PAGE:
In my previous blog post, I put up my translation of Arabic hidden word 45: “Awakened child, articulate your truth about me as you see it, satisfied with me and thankful for what I have done, that you may rely on me and rest easy in the retreats of greatness behind the canopy of might.” This resulted in a lot of discussion – one reason being that my clause “articulate your truth about me as you see it” is different to Shoghi Effendi’s translation “Seek a martyr’s death in My path”. Readers were understandably confused about how two translations could be so seemingly different.
Without getting too technical, let’s look at how Arabic creates meaning. It does this in a different way to English. With English, you have an enormous collection of words. People chose the words they want and then string them together to make a sentence. Arabic works differently. The language is not based on a collection of words, each with its own meaning; it is based on 3-consonant-letter groupings called ‘roots’, with each little grouping carrying a basic conceptual meaning. If you open an Arabic dictionary, you are not given a series of words in alphabetical order, you are given a series of roots in alphabetical order.
Here’s a typical entry for a root, taken from the modern Arabic Hans Wehr dictionary. The root is kh-l-f and the dictionary gives the following range of conceptual meaning for it: to be the successor, to succeed, to follow, to come after, to take the place of someone, to substitute for, to replace, to lag behind, to stay behind, to be detained, to be held back, to be kept away, to stay away. You can see from the list a line of conceptual thought running through the definitions given. That range of concept is the foundational meaning of the root.
From there, particular words appropriate to particular situations are created. For example, is it a man or a woman doing the succeeding? Are they doing it now or did they do it in the past? Are they doing it with someone else or on their own? Are they making someone else to do it? Is someone else doing it to them? Are they asking someone else to do it? All of these possibilities are represented in the Arabic using vowelling and by adding prefixes and suffixes to the root. In other words, the root consonants are filled in with vowels, so that the root becomes a word you can say; for example, khalafa, which means “he succeeded”, “he followed” etc.
Consequently, creating meaning in Arabic is very different to English. An Arabic word is based on a root with a foundational conceptual meaning, which is then particularised using different forms of the root created using vowelling and add-ons. With respect to verbs, there are 10 common forms, each indicating a particular way that the action is being done; for example, form I is the foundational concept; form IV signifies someone causing the action to happen; and form X can signify that a person is causing the action to be done through themselves, or that they seek to do the action.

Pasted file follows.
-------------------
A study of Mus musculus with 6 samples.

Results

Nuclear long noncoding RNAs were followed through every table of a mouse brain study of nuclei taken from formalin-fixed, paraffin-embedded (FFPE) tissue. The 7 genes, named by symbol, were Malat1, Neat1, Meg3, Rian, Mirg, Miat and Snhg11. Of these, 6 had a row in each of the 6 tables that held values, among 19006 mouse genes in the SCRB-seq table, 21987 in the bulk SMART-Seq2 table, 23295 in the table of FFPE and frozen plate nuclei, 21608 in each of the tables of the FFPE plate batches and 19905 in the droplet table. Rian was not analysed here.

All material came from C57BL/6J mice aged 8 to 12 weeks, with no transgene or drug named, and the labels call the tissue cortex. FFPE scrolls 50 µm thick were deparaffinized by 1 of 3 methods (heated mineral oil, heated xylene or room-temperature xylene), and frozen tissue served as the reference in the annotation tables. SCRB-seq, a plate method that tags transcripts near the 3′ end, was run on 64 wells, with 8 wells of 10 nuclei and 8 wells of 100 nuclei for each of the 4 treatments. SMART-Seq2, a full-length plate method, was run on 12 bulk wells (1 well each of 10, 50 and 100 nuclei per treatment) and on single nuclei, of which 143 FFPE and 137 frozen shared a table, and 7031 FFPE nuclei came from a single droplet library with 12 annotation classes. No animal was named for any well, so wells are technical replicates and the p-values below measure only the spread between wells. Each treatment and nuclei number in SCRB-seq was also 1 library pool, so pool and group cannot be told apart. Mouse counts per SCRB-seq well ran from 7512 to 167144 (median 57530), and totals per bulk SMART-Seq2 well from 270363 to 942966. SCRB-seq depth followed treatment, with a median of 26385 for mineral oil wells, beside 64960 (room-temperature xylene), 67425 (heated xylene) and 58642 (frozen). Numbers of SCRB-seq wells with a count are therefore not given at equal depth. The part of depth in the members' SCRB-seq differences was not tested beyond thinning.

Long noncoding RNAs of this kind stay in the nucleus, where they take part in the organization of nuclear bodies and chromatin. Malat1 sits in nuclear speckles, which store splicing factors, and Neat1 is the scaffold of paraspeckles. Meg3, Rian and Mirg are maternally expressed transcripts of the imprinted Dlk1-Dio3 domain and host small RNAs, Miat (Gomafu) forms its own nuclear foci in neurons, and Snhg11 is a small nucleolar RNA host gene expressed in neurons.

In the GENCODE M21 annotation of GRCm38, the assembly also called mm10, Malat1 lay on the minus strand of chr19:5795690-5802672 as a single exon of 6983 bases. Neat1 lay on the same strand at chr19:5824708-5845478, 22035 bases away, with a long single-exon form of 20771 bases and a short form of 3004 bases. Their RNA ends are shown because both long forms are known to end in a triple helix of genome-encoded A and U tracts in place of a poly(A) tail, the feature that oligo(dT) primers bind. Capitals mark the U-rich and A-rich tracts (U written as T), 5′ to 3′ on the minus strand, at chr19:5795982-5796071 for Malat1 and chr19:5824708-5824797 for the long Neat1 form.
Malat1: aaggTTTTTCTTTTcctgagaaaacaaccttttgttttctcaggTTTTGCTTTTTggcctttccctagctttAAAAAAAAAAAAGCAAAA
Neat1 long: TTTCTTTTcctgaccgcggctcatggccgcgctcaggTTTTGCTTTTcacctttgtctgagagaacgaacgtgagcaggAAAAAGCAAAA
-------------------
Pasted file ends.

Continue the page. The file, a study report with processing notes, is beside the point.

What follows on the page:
The word in question from the hidden word is the verb is “istashhid”. It is the 10th form of the root sh-h-d, which has the foundational meaning “He told, or gave information of, what he had witnessed, or seen or beheld with his eye:” (Lanes Lexicon p1609) Applying form X meanings to the basic concept, you could have something like: to cause a testimony to happen within oneself. In addition, if you consult the dictionaries for the definitions for form X, they’ll tell you that in the passive, the word means to die as a martyr. From that, you can get the definition ‘to seek to be a martyr’. One argument against that translation is that the word Baha’u’llah uses is not in the passive; it is in the imperative – meaning that it is an instruction to do something, so there is no passive form.
This overview gives an idea of what it means to extract meaning from an Arabic word. You have a foundational concept, whose meaning is then massaged according to the form the word has been given, which then leaves a range of possibilities that might be appropriate, given context and so on. Multiple translations of Baha’u’llah’s writings show English readers the range of meaning contained in the original Arabic words. Feedback on my translation of the hidden word showed that readers were delighted that Baha’u’llah was not necessarily asking them to die. In the West, where believers have freedom of religion, the idea of being killed for one’s faith is not much of an issue. Therefore, drawing on other possible meanings for the verb is a way to make it relevant to a modern English-speaking audience.
Baha’u’llah’s writings do contain various understandings of how a person can die; for example, there is the fundamental concept of dying to self and living in God. When a person courageously comes out and speaks their truth about Baha’u’llah, despite the consequences to their reputation, that is an act of dying to self. It is a spiritual martyrdom that Westerners can seek to make as their own testimony. Another fundamental concept in the writings is that Baha’u’llah’s revelation is spread by the pen and not the sword. The sword has been replaced by the pen as the means for promoting and protecting the Faith. Therefore, the hidden word is asking us to participate in this process, by testifying to the truth of the revelation that we see within ourselves.